PROVIDENCE—Yale’s 79-75, upset win over 5th-seeded Baylor marks the first NCAA tournament win in Bulldog history.
“History will tell you that the Ivy League has done well recently in the NCAA tournament,” Yale head coach James Jones told media after Yale’s NCAA tourney win over Baylor. Recent Sweet 16 trips by Harvard and Cornell, and Pete Carril’s three NCAA wins at Princeton say as much.
While sports media personalities at ESPN and Sports Illustrated projected ex-Yale captain Jack Montague, expelled from the New Haven campus after star-chamber proceedings on a sexual assault charge not pursued by law enforcement, onto this historic narrative—scouring the stands for quotes from a college kid donning a red baseball cap—Yale guard Makai Mason quieted all sub-plots.
“We’re not on national TV every night. Guys haven’t heard of Makai Mason, and he just dropped 31,” Yale forward Justin Sears told reporters after the win.
Heeding his old man’s advice, Makai Mason cut his AAU basketball career short to improve an individual skillset good for 31 points (9-18 shooting). Mason controlled the afternoon, drilling contested end-of-shot-clock, pull-up jumpers, driving downhill, getting fouled and subsequently making all eleven of his free throw attempts. Although Mason and senior forward Justin Sears combined for 49 points, 10 rebounds, and seven assists, a collective effort made history at Yale.
“They did a tremendous job of following the scouting report. We outrebounded Baylor,” Jones said.
While Yale controls the boards better than all NCAA teams but Michigan State, few predicted Ivy Leaguers would out-tough the Big 12 big-leaguers. Only Sam Downey collected more than six rebounds, but Yale secured a disproportionate 16-9 glass advantage in the first half and finished with a 36-32 overall edge over the second-best rebounding team in the Big 12. Baylor forward Rico Gathers matched a high major NCAA leading 4 offensive rebounds per game, but he grabbed none on the defensive end.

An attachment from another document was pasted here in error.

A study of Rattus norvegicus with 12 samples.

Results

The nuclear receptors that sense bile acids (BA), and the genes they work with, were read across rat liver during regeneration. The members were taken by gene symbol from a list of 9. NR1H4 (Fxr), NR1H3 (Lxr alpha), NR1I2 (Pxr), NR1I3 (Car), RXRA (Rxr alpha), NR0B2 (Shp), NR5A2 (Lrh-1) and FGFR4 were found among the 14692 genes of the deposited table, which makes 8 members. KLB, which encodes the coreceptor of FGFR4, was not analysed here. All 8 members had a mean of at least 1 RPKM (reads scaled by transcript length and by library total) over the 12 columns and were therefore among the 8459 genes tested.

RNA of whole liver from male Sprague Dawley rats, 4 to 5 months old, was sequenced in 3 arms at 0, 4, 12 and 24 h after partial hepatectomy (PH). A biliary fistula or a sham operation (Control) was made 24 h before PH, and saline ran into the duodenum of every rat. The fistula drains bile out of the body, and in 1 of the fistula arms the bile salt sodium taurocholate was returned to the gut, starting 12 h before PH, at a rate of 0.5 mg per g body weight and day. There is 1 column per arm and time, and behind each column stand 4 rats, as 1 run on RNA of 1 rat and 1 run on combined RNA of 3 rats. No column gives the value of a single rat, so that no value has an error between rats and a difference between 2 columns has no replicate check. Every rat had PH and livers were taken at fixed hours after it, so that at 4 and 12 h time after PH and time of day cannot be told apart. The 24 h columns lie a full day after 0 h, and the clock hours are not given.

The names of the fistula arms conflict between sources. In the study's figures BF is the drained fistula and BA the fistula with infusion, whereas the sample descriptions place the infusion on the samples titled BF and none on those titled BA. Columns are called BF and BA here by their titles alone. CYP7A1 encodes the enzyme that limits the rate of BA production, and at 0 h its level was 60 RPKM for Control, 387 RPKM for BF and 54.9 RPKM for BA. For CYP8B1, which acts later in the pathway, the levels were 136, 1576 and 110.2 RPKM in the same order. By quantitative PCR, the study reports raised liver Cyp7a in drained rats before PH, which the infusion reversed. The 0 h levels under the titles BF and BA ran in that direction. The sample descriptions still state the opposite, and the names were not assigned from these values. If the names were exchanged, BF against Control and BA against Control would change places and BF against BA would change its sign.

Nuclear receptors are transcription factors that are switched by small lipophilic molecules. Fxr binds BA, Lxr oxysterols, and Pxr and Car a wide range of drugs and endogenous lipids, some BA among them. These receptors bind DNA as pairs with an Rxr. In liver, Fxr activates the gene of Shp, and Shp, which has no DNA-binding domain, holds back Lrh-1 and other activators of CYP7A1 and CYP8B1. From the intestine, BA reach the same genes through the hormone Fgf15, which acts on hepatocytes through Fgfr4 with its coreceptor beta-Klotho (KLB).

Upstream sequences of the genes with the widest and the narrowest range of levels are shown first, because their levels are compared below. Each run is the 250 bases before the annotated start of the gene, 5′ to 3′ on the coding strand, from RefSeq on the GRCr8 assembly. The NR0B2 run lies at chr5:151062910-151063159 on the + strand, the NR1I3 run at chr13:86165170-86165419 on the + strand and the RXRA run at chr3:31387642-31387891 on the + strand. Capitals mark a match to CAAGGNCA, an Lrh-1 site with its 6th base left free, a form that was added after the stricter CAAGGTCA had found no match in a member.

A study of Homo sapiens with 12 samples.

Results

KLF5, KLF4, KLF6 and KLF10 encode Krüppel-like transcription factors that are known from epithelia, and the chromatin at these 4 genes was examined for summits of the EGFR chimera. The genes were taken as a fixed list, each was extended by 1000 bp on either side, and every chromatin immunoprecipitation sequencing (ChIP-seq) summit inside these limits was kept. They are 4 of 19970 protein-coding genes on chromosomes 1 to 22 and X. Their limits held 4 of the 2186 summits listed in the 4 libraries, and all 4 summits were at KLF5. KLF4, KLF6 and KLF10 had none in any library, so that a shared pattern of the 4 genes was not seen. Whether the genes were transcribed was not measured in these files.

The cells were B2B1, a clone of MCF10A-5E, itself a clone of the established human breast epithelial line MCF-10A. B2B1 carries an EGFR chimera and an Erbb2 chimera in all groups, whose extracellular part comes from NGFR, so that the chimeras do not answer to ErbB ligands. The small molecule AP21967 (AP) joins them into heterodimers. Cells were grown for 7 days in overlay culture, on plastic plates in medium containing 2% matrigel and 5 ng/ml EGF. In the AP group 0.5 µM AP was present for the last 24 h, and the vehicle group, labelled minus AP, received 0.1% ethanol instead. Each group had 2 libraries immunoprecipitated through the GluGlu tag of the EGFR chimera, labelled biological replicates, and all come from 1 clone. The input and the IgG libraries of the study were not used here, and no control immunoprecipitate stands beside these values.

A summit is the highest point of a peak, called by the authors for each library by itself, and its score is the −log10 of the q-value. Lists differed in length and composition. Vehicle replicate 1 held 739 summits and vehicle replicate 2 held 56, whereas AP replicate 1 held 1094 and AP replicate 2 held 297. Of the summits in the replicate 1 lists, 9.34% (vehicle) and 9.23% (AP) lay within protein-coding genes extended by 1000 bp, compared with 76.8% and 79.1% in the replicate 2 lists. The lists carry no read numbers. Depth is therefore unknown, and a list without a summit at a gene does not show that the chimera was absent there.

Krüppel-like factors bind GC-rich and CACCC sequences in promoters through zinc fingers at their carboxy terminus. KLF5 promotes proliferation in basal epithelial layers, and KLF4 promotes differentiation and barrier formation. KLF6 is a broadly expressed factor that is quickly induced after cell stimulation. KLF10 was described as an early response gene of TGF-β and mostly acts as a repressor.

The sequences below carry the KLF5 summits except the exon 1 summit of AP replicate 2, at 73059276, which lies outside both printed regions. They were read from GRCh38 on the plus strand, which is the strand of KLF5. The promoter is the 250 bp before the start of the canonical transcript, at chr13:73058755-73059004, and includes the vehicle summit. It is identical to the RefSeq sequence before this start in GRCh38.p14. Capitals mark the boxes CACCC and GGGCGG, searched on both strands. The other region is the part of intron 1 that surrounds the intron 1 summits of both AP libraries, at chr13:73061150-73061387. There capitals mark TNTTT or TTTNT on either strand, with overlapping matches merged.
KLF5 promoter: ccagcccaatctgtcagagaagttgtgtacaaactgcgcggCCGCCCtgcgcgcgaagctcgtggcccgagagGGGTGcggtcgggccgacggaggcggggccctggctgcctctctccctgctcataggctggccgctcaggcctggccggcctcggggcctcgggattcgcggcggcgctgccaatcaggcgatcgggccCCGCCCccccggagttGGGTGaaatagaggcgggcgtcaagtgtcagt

“You go up and grab the ball at the rim, grab it with two hands, and come down with it. That’s considered a rebound,” explained Baylor forward Taurean Prince after the loss.
While this hardly reads as a profound lecture on rebounding, Yale clearly pulled few gimmicks. They ended Baylor with a simple grab-your-lunch-pail, defend-and-rebound mentality. That the Bulldogs gave up only 15 free throw attempts and limited Baylor through a .385 second half defensive field goal percentage validates this claim.
Conversely, Yale paid homage to Ivy League NCAA tournament success templates on offense. Borrowing from Harvard’s upset formula in their 2013 NCAA tourney victory over New Mexico, Yale shot early and late. Nailing 64 percent of their first half field-goal attempts, they led 39-34 at halftime. When Yale employed the same impressive post passing Cornell dismantled the Syracuse 2-3 with in 2010, Baylor abandoned their trademark 1-1-3 zone for man-to-man. And when Yale assistant Matt Kingsley suggested that Jones sub Trey Phills for Mason for one offensive trip in the second half, Phills ran a Princeton backdoor cut for a layup.
While turnovers, missed shots, and fouls gave Baylor a 6-0 run and a one-point lead within the first two minutes of the second frame, Yale retaliated with a similar run. But the shooting woes continued for Baylor and neither Lester Medford nor Ishmail Wainright attacked the paint or got fouled.
When Wainright back-tapped a ball, then saved it from the endline, he hit a diving Jake Lindsey for a Baylor layup, cutting the lead to 72-70 with 1:12 remaining. Trapping once, then fouling at first by accident and later by design, Baylor matched Yale free throws with an uncontested layup from Medford and a contested three by Prince cutting the lead to 76-75. When Yale’s Nick Victor missed the second of two free throws, Baylor drove the length of the court down two with six ticks left, but Medford slipped and lost the basketball—and the game for good.